Do riders with volatility controls cost VA investors potential gains?
This article originally appeared in the June/July 2013 issue of MorningstarAdvisor magazine. To subscribe, please call 1-800-384-4000.
Insurers are increasingly limiting investment options in their variable annuities that have riders to strategies with built-in volatility management. Volatility overlays mitigate the risks for insurance companies by embedding some hedging within the investment strategy. But are investors who buy the riders giving up a portion of potential gains in return? We investigate this question by comparing two contracts with similar benefits; one with a volatility control overlay and one without an overlay.
Most asset-allocation offerings use the percentage of stocks to serve as a proxy for risk. These are commonly billed as “target-risk funds.” A “conservative” target-risk fund typically holds between 20% and 50% of its assets in stocks; moderate, moderate growth, and growth options are analogously defined as portfolios with increasing amounts of equity exposure. This approach to investment- risk classification is reasonable because a portfolio gets more volatile as the percentage of stocks it holds increases. But risk here is understood in relative terms. Where this classification system falls short is in ignoring the absolute level of volatility. Exhibit 1 charts the rolling 30-day standard deviation of a “moderate” target-risk portfolio. It shows that the realized volatility was far from “moderate” during the difficult markets of 2008–2009, when standard deviation reached a high of 40%, a level of volatility that would have been unexpected even from an aggressive portfolio.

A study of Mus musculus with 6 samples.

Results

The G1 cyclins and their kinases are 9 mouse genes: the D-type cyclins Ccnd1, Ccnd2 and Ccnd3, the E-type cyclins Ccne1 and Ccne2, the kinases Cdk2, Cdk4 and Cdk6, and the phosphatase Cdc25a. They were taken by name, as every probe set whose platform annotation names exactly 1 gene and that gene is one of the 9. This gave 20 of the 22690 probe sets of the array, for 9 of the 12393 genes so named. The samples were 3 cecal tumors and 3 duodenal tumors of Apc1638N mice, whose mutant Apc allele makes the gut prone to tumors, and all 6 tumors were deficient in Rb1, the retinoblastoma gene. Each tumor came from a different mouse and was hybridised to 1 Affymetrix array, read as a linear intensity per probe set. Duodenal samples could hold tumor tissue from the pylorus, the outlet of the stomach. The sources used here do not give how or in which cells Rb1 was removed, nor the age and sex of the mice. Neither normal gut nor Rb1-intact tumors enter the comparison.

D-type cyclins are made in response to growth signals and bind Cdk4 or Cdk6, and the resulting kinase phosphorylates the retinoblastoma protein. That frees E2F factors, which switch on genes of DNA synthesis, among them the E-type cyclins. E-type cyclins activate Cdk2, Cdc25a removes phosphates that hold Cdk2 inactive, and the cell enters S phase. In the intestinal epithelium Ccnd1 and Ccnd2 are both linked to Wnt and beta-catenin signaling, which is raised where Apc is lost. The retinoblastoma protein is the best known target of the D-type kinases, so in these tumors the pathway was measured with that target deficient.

That experience was an unpleasant surprise to most investors, and it drove many investment firms to explore approaches that might provide a much smoother investor experience. Insurance companies had even more reason to explore alternative approaches to managing their underlying subaccounts: As portfolio volatility increased, so did the cost of hedging guarantees accompanying the investments. The insurers had effectively sold options and needed ways of managing the associated risk. The higher the unpredictability (or standard deviation) of the underlying investment, the higher the risk of an option sold on it.
The equity weight within a two-asset portfolio that meets a volatility target is the ratio of the volatility target to the forecasted volatility of the risky asset:
where WE is the weight in equities, is the target volatility, and is the forecasted equity volatility. Correlation between the two assets and volatility of the second asset is assumed to be zero. According to this equation, to maintain constant portfolio volatility level, the weight in equities should decrease when forecasted volatility goes up and increase when forecasted volatility goes down.